Transaction fees are a nuisance. There’s a lot to think about when it comes to the mental arithmetic of a product’s cost. But just when you think you’ve figured it all out, you’re slapped with a transaction fee.
It can feel like paying for nothing, too. Or, at most, it can feel like paying only for the privilege of buying something, which ultimately it is.
So, what are transaction fees? To put it broadly, transaction fees are attached to most transactions. You can get a lot of instances where you are paying a fee to cover the cost of labor or power it takes to make the transaction. They come in a lot of different forms, and you might see them in various different contexts in your life, but there are ways around them. Take a look at our guide for a breakdown of transactions and how to avoid them if you can.
For Big Buys
It always seems like the bigger the item you want to buy, the more money you’re going to spend. Whether it’s a company selling a car, a house, or even a fridge, there is always added insurance or finder’s fees, as well as transport or installation. Well, add transaction fees to that list, just as a cherry on top.
It’s likely you’ll need to dip into your savings to cover the cost of such a big buy, but did you know you might infer a transaction fee on your savings account if you’re looking to take out more than the federal limit? So, what is the federal limit? Six free withdrawals a month. It’s less about how much you take out and more about how often, but if you’re trying to withdraw enough cash to cover the cost of something big, due to the withdrawal limit you might need to make multiple visits.
If you have the option, paying with a card is always better. It offers security that cash cannot provide, such as a record of your transaction and coverage if you need to get your money back.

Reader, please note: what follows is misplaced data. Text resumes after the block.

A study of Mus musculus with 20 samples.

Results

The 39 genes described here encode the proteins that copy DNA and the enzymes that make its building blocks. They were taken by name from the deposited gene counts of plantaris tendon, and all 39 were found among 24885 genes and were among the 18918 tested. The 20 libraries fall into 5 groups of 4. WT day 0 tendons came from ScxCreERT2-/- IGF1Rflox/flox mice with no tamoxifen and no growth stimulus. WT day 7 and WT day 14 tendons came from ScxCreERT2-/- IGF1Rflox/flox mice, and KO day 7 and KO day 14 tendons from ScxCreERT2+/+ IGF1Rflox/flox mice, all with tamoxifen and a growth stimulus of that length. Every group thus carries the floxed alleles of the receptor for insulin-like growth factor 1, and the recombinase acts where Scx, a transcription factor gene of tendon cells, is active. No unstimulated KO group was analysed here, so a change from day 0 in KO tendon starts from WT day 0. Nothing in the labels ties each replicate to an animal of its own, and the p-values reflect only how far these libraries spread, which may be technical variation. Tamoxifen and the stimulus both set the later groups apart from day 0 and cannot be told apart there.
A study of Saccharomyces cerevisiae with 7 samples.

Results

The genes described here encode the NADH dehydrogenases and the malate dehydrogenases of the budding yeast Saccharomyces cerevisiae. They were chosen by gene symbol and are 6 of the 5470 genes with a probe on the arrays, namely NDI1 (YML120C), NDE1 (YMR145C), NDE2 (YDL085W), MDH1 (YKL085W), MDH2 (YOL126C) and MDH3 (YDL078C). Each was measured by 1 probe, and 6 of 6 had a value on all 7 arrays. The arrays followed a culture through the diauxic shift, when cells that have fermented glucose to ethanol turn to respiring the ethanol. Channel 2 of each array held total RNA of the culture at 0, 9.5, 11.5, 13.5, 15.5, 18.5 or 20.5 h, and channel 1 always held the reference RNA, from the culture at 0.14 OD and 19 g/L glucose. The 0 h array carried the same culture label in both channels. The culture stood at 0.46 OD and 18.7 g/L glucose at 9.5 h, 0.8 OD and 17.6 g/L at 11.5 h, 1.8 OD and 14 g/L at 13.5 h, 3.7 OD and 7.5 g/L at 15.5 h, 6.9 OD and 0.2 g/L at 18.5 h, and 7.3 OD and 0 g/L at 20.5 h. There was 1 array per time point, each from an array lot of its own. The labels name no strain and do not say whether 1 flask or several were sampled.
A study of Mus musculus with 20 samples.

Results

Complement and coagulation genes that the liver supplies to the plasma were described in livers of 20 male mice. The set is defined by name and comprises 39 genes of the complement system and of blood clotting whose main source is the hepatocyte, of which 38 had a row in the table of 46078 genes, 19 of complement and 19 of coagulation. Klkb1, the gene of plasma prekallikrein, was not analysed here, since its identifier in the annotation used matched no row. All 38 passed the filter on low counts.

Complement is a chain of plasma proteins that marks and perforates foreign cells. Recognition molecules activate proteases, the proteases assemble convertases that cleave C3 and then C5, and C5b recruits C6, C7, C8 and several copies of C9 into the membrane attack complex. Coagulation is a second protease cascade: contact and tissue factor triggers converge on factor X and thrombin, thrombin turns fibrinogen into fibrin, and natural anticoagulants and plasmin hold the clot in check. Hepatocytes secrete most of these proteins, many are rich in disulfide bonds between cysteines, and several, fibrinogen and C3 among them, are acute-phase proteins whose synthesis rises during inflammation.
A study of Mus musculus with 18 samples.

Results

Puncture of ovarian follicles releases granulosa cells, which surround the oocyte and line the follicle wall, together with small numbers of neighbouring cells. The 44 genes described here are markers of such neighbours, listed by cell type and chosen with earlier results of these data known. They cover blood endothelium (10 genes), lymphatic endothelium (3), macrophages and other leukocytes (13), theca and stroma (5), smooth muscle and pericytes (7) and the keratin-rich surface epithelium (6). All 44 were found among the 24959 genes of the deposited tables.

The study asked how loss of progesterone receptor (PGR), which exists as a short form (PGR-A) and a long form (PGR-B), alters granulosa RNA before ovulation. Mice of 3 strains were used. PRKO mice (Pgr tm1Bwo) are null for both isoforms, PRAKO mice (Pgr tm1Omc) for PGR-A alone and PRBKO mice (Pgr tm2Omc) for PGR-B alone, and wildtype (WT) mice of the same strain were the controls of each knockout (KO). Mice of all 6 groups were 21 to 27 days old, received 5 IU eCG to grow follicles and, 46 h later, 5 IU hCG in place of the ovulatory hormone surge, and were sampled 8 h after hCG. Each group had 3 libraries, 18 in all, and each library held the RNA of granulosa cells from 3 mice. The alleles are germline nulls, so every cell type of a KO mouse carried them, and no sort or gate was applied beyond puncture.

If you’re in the US, there are a few ways you can get around these logistical problems, for example a certified check. This is great for purchasing a new car or making a down payment on a house, as it will bypass the transaction fee and you can use it if the amount of your vehicle comes out to more than what your credit card maximum limit is.
Thinking about how you are going to pay for items is particularly important if you are running a business and you’re buying large quantities of items. Those transaction fees can pile up. You are buying a lot of different things from different suppliers and vendors, making for a lot of transactions. Plus, they will all be bigger, making for some larger transactions.
In a business, you’re going to want to avoid any fees where you can to extend your profit. There are already a lot of places your money can disappear into, but transaction fees don’t need to be one of them.
Checks are a great alternative here too, as you can mail them and process them without having to worry about transaction fees following you and you won’t have to worry about the shaky security of sending cash in the mail.
For Traveling Abroad
It always puts a damper on your holiday. You’re in a foreign land, using a different national currency, you’re enjoying a drink by the beach, only to find that the relatively cheap drink you bought has shot up from the price on the menu.
Transfers between bank accounts, withdrawing money from cash machines, and payments from debit or credit cards, will all hold transaction fees. If you are traveling Europe, for example, then these are often a percentage of the amount you’re spending. At the time of writing, the rate is 1.76% for Americans and 0.96% for European nations that don’t use the Euro, like the UK. Some fees can go all the way up to 3%. It doesn’t seem like much, but it’s enough to make you think twice about buying something small repeatedly with your card.Instead, it is recommended that you take out some cash before you board your plane. It isn’t common for anyone in the EU to accept checks, especially if you’re venturing somewhere that isn’t heavy on tourists, so it is best to carry cash or use a contactless payment method. However, the pickpockets of the tourist traps know that you are carrying cash, and there is always the chance of losing your bag on the plane, so split your budget between bags and keep your leftover cash in your hotel safe.